Sitting on a stage in Wuzhen, China, a historic city up the river from Shanghai, Google chairman Eric Schmidt described what he called “the age of intelligence.”


Then he mentioned China’s three largest internet companies: Baidu, Tencent, and Alibaba. All three, he said, could benefit from TensorFlow, which Google open sourced about 18 months ago, sharing it with the world at large. “All of them would be better off if they used TensorFlow,” Schmidt said of the Chinese internet giants. He said the software could predict what people want to purchase, help target ads, and even decide who should a get line of credit. “They can use TensorFlow to study the patterns of their business. They can use this technology to serve their customers faster.”

Delivered amidst the week-long Go match between Chinese grandmaster Ke Jie and AlphaGo, a seminal machine created by Google’s DeepMind artificial intelligence lab, Schmidt’s words were not hyperbole. Deep learning and related technologies are fundamentally changing the way Google works, and they will change so many other companies—even entire industries—over the next several years. The trouble is that Schmidt undersells how far these technologies have already spread beyond the walls of Google. The age of intelligence has moved ahead much farther than he admits—especially in China.

Schmidt’s words accurately described the enormous power of modern neural networks. And they showed the enormity of Google’s progress and ambition in this area. But if you read between the lines, they also showed the limits of the company’s ambitions—namely: China. Though many in the West paint the deep learning revolution as a phenomenon driven by the big US internet companies, China is hardly far behind.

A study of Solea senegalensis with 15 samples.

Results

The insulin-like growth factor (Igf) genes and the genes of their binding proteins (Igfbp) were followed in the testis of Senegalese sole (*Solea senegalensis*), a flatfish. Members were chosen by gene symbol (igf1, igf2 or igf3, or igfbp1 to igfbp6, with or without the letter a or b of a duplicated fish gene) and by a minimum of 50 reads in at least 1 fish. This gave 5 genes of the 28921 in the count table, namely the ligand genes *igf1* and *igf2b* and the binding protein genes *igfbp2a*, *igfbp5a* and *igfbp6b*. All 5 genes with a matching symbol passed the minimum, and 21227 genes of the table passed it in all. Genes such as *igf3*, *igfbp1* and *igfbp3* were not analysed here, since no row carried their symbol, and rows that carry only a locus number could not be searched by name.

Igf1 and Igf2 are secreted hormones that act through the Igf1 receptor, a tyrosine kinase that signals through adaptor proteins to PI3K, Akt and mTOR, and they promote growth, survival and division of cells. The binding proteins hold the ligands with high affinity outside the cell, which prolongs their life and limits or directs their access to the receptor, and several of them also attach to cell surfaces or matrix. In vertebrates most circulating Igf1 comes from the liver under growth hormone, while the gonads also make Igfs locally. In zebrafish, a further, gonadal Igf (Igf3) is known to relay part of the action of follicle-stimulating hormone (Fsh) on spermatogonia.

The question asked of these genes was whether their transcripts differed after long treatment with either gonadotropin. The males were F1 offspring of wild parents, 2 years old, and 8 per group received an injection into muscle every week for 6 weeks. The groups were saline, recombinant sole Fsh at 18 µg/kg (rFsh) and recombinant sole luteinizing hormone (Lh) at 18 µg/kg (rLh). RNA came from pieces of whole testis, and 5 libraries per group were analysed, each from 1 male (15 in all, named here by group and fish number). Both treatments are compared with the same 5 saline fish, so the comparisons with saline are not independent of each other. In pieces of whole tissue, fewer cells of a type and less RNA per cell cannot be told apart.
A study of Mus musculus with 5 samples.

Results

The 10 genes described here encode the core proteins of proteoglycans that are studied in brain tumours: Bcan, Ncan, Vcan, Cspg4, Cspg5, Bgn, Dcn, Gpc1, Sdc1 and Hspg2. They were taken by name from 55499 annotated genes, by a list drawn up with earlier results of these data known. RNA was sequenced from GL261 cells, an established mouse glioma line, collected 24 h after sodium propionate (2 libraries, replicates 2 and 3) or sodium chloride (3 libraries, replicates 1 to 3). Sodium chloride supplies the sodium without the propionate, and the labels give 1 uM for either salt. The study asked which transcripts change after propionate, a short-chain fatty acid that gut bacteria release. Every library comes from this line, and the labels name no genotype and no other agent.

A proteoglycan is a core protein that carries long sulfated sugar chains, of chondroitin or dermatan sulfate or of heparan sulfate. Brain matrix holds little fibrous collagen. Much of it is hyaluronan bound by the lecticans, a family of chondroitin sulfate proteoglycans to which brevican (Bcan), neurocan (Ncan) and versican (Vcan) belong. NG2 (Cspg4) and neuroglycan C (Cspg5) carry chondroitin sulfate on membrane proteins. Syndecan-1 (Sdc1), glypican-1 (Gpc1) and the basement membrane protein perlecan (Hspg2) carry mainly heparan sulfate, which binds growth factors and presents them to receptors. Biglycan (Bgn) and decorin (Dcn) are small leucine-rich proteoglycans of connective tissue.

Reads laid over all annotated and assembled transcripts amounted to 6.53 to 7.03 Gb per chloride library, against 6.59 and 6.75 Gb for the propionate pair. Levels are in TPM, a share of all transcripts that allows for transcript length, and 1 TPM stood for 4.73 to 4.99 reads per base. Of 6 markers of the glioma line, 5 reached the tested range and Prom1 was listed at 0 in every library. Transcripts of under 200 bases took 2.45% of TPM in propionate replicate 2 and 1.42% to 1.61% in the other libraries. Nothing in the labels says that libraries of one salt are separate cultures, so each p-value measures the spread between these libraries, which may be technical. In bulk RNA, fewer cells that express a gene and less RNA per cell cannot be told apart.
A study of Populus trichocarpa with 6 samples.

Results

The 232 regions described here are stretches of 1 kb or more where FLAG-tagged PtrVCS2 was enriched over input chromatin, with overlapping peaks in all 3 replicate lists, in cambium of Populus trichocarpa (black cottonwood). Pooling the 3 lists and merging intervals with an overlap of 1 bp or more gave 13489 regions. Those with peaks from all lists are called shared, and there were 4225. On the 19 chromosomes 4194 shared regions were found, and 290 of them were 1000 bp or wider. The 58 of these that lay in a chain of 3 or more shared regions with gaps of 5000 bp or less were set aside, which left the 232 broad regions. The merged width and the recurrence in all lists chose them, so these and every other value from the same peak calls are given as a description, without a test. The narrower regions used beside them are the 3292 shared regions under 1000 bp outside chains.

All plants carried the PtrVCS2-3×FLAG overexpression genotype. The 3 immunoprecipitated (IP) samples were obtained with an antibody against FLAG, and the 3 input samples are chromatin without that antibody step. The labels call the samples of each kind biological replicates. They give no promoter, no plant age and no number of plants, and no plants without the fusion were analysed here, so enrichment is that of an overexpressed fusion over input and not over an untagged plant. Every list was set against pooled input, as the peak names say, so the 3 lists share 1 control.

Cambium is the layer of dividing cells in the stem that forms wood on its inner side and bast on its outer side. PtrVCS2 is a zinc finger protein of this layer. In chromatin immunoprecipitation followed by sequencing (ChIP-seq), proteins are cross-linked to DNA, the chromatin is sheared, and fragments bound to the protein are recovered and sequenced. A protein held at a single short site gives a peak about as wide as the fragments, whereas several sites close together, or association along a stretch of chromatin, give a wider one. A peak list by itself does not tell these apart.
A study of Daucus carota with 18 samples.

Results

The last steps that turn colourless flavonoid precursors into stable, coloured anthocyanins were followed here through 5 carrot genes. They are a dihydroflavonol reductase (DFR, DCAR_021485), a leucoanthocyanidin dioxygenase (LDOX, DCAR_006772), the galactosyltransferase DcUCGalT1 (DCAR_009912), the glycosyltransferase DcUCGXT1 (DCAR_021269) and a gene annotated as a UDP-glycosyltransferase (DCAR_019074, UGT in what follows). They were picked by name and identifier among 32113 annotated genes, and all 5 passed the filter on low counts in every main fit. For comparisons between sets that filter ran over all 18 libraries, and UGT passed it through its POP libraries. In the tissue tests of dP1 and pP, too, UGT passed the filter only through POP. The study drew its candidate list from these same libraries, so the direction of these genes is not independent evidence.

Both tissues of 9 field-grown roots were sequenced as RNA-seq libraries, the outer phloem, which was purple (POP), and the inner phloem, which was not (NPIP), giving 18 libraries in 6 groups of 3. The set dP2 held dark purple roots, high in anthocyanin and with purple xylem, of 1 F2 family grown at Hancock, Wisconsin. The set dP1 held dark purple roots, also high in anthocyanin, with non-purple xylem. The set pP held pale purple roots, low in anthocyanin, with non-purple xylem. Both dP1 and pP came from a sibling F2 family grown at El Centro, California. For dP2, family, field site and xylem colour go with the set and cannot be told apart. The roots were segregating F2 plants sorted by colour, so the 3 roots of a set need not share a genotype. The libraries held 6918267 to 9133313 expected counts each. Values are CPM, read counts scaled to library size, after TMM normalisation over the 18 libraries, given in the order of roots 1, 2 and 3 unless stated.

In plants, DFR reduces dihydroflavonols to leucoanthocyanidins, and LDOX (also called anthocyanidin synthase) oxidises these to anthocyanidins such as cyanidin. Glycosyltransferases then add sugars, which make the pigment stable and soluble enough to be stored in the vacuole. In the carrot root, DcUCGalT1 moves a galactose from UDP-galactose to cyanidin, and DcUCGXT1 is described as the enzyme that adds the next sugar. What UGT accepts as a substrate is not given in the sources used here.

AI—Not Just American

Chinese companies like Baidu, Tencent, and Alibaba are already using these same technologies, as are US giants like Facebook, Microsoft, and Amazon. Google took an early lead, mainly because it bought up so much of the key talent. But many others have embraced deep learning in big ways, including the largest internet companies in China. “It’s easy to fall into the old stereotype—the copy-to-China stereotype, that China is so far behind and they’re just importing everything—but that’s out of date,” says Adam Coates, the American-born AI researcher who now oversees Baidu’s Silicon Valley AI lab.